Tonight, as we gather to celebrate the birth of a seemingly unknown child, born over 2000 years ago to poor parents in a stable in the insignificant city of Bethlehem, I can’t help but ask myself what is it about this child that has captivated so many hearts for over 2000 years. Regardless of where we find ourselves, we seem to pause year after year to come and adore this little child in the manger. Whether we find ourselves close to God or we have not stepped foot in a Church all year; whether we have had a successful and joyful year or a great tragedy has struck in our lives, there is something magical about Christmas that enables us to put everything behind us for one night to come and adore the baby Jesus.
The magic of Christmas is that it reminds us that in the midst of darkness God does not stand far off. “God is no longer separated from us by the iron curtain of His inaccessible other worldliness; He has crossed the dividing line to become one of us.” “For Christmas says to us, amid all our doubts and bewilderment: God exists … as one who is able to be concerned about us; He is such that everything we are and do lies open to His gaze. But that gaze is the gaze of love.” Christmas reminds us that God is not some power in the sky who created the world and forgot about us, or some power in the sky who controls us like a master puppeteer. No, He became man and walked this earth living in a specific time and place to bring us from slavery to freedom.
Tonight we celebrate that turning point in history because the angels proclaim, a Savior is born for us, who is Christ the Lord. That’s the story that our Catholic Church has been passing down uninterrupted for 2,000 years from those who witnessed it all first hand, to the earliest martyrs, to the great saints, to all the baptized. And we here today, to tell it yet again. It is this story, which is the reason for our Church, for our being here. The story of God, the Almighty Creator of all things, the Supreme Being – taking to Himself the nature of one of His lowly creatures: becoming man. It’s a story which any reasonable person could easily recognize as simply too incredible to be true. Yet as people of faith we know that what we celebrate tonight isn’t just another story, some myth, or fairy tale, but truly history. – Salvation history.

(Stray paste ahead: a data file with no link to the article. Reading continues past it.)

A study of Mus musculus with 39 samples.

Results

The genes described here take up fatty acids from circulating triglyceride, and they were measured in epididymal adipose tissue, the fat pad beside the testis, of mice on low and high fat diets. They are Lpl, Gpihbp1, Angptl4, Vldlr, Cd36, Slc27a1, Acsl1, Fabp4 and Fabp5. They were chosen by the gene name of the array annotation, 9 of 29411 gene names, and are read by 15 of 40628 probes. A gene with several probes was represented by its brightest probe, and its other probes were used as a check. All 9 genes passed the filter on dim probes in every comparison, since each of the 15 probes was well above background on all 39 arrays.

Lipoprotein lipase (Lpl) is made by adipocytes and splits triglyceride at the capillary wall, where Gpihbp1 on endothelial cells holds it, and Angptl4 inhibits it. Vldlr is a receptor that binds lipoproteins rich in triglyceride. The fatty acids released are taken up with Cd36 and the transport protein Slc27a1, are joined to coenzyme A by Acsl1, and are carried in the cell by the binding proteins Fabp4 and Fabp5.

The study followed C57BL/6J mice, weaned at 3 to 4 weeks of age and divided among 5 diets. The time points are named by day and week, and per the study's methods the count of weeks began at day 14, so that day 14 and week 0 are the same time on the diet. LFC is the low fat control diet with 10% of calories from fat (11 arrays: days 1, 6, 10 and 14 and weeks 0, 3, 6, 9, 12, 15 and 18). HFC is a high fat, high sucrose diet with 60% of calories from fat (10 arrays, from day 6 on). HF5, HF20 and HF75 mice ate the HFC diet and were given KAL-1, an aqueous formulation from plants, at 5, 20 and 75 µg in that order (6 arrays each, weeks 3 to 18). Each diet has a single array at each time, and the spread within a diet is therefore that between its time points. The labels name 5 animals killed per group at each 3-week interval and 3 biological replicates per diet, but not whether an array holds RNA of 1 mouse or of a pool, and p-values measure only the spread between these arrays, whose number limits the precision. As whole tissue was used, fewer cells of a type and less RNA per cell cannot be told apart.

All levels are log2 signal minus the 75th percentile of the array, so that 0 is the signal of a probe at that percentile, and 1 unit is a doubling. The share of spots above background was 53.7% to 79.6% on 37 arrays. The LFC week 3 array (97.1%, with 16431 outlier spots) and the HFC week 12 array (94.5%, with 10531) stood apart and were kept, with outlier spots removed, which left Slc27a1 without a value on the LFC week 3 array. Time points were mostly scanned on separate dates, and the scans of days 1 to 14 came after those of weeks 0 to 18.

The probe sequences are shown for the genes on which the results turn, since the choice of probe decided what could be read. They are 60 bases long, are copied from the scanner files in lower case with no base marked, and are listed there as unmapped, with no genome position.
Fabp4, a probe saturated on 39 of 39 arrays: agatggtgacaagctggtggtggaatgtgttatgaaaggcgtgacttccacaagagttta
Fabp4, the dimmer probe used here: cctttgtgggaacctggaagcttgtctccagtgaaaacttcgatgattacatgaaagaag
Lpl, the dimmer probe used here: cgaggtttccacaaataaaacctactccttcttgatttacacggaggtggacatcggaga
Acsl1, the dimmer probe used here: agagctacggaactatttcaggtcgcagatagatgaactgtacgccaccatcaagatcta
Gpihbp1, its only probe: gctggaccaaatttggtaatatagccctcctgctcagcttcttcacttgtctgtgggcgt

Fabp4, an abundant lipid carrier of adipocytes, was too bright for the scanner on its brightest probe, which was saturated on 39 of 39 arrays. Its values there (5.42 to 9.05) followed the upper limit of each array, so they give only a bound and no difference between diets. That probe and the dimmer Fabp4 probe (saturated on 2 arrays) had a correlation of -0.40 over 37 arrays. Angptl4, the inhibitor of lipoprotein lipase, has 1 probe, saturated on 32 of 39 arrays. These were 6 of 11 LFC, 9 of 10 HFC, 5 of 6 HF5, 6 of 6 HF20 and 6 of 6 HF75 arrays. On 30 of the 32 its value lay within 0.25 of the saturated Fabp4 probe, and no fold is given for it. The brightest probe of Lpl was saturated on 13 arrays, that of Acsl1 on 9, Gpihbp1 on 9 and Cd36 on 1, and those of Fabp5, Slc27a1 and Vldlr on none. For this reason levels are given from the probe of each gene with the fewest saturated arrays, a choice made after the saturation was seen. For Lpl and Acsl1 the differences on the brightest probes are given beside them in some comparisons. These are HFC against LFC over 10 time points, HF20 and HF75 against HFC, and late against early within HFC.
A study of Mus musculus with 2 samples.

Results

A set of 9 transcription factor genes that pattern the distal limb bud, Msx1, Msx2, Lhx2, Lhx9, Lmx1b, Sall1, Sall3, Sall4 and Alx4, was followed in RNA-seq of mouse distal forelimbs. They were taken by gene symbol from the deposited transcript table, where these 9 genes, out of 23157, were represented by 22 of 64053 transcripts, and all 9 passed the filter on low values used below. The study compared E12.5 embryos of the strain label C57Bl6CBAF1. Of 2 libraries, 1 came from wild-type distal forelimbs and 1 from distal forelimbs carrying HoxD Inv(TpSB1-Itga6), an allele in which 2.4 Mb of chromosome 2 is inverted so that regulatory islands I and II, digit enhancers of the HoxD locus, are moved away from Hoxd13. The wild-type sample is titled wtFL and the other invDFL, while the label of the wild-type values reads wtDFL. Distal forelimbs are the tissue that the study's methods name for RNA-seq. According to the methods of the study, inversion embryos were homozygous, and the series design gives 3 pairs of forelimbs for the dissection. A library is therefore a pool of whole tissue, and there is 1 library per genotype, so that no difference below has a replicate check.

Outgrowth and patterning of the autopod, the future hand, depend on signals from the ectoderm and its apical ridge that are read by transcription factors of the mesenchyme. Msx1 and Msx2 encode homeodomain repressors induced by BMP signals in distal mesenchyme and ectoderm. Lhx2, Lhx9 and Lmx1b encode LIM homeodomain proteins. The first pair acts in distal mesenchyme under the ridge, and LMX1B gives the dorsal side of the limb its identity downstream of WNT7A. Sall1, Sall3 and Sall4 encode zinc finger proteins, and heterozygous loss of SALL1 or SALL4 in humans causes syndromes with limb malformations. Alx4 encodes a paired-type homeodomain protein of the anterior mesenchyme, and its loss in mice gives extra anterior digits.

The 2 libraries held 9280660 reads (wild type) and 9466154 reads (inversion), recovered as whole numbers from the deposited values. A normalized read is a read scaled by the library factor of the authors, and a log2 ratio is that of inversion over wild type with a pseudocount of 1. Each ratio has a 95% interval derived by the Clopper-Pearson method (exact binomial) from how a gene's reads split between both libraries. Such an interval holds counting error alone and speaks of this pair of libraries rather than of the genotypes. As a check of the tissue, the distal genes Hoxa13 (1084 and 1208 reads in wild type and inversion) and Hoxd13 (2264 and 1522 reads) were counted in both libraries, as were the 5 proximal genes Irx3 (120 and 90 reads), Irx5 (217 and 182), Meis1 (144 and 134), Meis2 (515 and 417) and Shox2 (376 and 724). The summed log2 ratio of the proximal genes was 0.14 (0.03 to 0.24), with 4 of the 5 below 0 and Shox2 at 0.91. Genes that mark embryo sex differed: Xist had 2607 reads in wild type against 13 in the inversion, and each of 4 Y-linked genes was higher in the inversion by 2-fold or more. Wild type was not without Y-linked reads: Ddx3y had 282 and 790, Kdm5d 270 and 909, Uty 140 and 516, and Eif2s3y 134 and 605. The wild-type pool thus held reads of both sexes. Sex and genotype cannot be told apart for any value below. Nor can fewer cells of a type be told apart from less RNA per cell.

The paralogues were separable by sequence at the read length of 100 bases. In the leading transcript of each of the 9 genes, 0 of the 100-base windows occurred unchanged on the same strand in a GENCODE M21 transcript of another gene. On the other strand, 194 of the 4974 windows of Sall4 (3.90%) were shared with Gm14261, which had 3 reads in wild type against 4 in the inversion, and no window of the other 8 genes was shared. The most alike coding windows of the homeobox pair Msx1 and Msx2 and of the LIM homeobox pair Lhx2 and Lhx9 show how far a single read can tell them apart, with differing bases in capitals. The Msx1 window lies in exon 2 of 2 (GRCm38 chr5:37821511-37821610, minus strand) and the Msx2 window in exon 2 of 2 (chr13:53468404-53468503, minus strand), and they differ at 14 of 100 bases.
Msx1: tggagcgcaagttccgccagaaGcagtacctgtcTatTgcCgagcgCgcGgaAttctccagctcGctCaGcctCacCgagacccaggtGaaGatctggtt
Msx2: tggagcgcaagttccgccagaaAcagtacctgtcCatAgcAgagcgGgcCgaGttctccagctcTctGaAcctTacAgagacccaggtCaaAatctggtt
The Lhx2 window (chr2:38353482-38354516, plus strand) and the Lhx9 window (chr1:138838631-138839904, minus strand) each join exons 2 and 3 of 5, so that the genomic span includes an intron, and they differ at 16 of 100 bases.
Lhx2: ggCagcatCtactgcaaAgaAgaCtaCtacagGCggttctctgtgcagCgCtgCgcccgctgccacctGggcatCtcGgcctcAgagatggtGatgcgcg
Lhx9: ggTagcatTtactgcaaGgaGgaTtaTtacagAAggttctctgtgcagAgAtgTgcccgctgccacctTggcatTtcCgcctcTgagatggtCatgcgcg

As people of faith we know that God truly did become man and that great event which we celebrate tonight looks forward to an even greater feast; the Feast of His Resurrection on Easter. For God became man not only to teach us and to inspire us, but primarily to save us. He was conceived in the womb of the Blessed Virgin Mary and was born in the manger of Bethlehem, to die for us and in dying to destroy Satan’s age-old grip of sin, so that in rising He might empower us to truly live as He created us to live. While all of us were born to live, Jesus is the one person in human history who was born to die. His birth proves once and for all that despite any of the darkness and despair in our lives, light trumps darkness and ultimately His goodness will be victorious. This saving story begun on Christmas is not just a story of history no that story traces right down to our own day. The birth of Jesus changes our lives completely for He comes to embrace us and He invites each of us to embrace Him.
Tonight as we gather before the manger Jesus gazes on us and we gaze on Him. As that child gazes on us, He sees a reflection of His own image and wills to save each and every one of us. He begs each and every one of us not only to believe in Him, but truly to follow Him, who is “the way and the truth and the life,” through whatever joys or troubles life may give us. Friends, Jesus is always waiting for us to encounter Him, if only we are willing to take the risk to take a step towards Him. “The Lord does not disappoint those who take this risk; whenever we take a step towards Jesus, we come to realize He is already there waiting for us with open arms.”
So tonight, are you willing to take that risk and take a step towards this innocent child lying in the manger, who became one of us so that we could become like Him. My friends when we have a personal encounter with the Lord in the Nativity scene our lives can never be the same. Our “faith is joy, therefore it makes beauty.” “Our faith, too begins with wonder at the very fact of creation and at the beauty of God who makes himself visible.”
Ultimately each of us is the innkeeper of our own hearts and tonight Jesus knocks at our hearts and begs to be born anew in our hearts. Will we be like the innkeeper of Bethlehem and cast Him out into the dark cold night, or will we open the inn of our hearts to Him and allow even the darkest areas of our heart to be transformed by the power of His love? Tonight then, Jesus gazes on us and we gaze on Him. His gaze invites us to set out on a lifelong path of rediscovering Him, of starting anew in our relationship with Him. Come then, let us behold Him, let us come and find Him in the manger, be transformed and then leave and like the shepherds on Christmas night depart and spread the message of Christ’s coming into our hearts and indeed the whole world.
 Joseph Cardinal Ratzinger, Dogma and Preaching Applying Christian Doctrine to Daily Life. San Francisco: Ignatius Press, 2011. Pg. 333.
 Joseph Cardinal Ratzinger, Dogma and Preaching Applying Christian Doctrine to Daily Life. San Francisco: Ignatius Press, 2011. Pg. 338.
 Jn 14:6
 Pope Francis. Evangelii Gaudium. Washington DC: USCCB. (2014). pg. 1.
 Joseph Cardinal Ratzinger. Church Fathers and Teachers. San Francisco: Ignatius Press. (2010) pg. 31.
 Joseph Cardinal Ratzinger. Church Fathers and Teachers. San Francisco: Ignatius Press. (2010) pg. 103.